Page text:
As piano teachers, we strive to instill a love of making music in our students. The inevitable process of making mistakes along that journey, however, creates challenges and intriguing mysteries to be solved. "Why did the mistake happen?" "What in the score did the student not understand?" As I searched for answers, I discovered that a clearer understanding of rhythmic pulse is the most important key to music literacy. Since rhythmic mistakes often cause melodic mistakes, these rhythmic patterns should be learned first, by themselves, to ensure accuracy and musical success. 

Having a teaching career that has taken me from the United States to Brazil, Syria, and the cities of Amman, and Irbid, Jordan, I have discovered the power that the rhythmic pulse has over the melodic line, especially in the vibrant rhythms of Brazil and Syria. Through these experiences, I realized that I could remember a melody infinitely better when associated with a strong rhythmic pattern. Fortunately, we need not travel to such locations to understand rhythm's importance. Students come to music with an already developed sense of pulse from activities such as walking, running, dancing, and playing sports. We are surrounded by rhythm in our everyday lives. 

Learning the rhythm first and separately from the melodic line will prevent mistakes when learning homophonic piano music. Rhythm is the first and the easiest element to learn because we have the built-in rhythmic pulse of our heartbeat that is frequently measured to a second in time or 60 bpm (beats per minute). Everything in our world begins with rhythmic movement. We recognize our heartbeat is essential to our lives, but frequently we do not realize how our movement is controlled by its rhythmic pulse. In order for music to have movement, it must have a rhythmic pattern with a steady pulse. The rhythmic pulse is the unit that also gives continuity to all music, that is, sound through time. In fact, our whole planet Earth turns on its axis to a 24-hour rhythmic pulse, and we track our days to the 24-hour cycle, further subdividing into 60 minutes per hour and 60 seconds per minute.

There are three steps for teaching homophonic piano music. First, teach note values as they relate to the rhythmic meter. The most efficient way to teach the rhythm of a composition is to learn the rhythmic patterns without the melody. Students can connect the pulse to 60 bpm, or a second of time, and step left, right, left, right to the second hand of a clock while clapping the rhythm patterns.

Below you will find a table of note values that are found in most piano repertoire. Students will benefit from stepping to the rhythm of the quarter notes while clapping the various rhythmic patterns of notes longer than one beat as well as notes that divide the beat. The Dalcroze method utilizes various syllables to teach rhythmic values and subdivisions. Using complete words with the accent on the first syllable is a user-friendly way to utilize the Dalcroze approach at the piano and instill a solid rhythmic foundation.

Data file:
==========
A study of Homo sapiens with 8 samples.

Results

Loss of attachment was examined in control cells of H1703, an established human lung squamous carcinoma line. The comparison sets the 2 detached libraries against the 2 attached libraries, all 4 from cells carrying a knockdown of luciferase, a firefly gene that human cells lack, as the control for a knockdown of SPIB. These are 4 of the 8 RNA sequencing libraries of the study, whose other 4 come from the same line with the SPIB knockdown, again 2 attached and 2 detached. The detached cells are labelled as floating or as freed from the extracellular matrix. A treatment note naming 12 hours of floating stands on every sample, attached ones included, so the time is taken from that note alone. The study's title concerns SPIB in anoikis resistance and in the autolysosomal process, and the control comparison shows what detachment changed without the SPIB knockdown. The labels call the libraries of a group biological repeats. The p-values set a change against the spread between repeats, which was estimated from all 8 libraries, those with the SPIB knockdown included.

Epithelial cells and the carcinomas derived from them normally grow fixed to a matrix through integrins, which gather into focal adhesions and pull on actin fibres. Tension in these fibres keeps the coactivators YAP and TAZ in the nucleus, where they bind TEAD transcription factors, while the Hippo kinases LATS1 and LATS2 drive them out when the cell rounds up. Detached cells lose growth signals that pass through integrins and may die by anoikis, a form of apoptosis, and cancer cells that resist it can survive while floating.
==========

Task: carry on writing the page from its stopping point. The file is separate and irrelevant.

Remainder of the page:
The most efficient way to learn the various rhythms of a composition is to tap the rhythms on a flat surface, left hand first, then right hand, then hands together. There are several advantages to this:

  • Your ears hear and learn the rhythmic patterns without relying on the melody.
  • Your eyes are always on the score, not the keyboard.
  • Eyes learn to read groups of notes on a grand staff instead of one note at a time, leading to a more successful performance each time.
  • Repetitions of rhythmic patterns are easy to read and encourage reading ahead.
  • Quick analysis of scale and chord patterns equals self-teaching, usually without mistakes.
  • Interpretation is the second step in teaching the rhythmic pulse. Dynamics, articulations, pedaling, and fingering patterns constitute interpretation. 
    • Marked dynamics must be considered first by tapping on a flat surface from your wrist on curved fingertips with hands separate, then hands together. This is the correct hand position for various tone qualities on the keyboard. The descending speed of the tapping fingers determines the volume of sound. For example, a fast descent creates forte sounds and slow descent creates piano sounds. If the key is depressed too slowly, the hammer won't touch the string, resulting in no sound.
  • Next is articulation, which is primarily staccato and legato. When playing staccato, each key is released before playing the next. When playing legato, the first key is not released before playing the second key. Rests must be observed precisely in time.
  • Follow the pedal marks rhythmically with the toes of the right foot on the damper pedal and the heel placed on the floor to balance the body weight.
  • Fingering patterns are the final component. Marked fingering patterns can be tapped with hands separate, then together. This tapping exercise shapes the hand to the melodic line, promoting accuracy on the piano keyboard. 

After learning the rhythmic patterns and applying these four components of interpretation, the third step of teaching is to add the melodic and harmonic elements of the music. Because a solid rhythmic foundation has already been set, students are able to give movement and meaning to the melody. This will not only ensure a more accurate performance, it will also give the student a more enjoyable experience of learning keyboard music.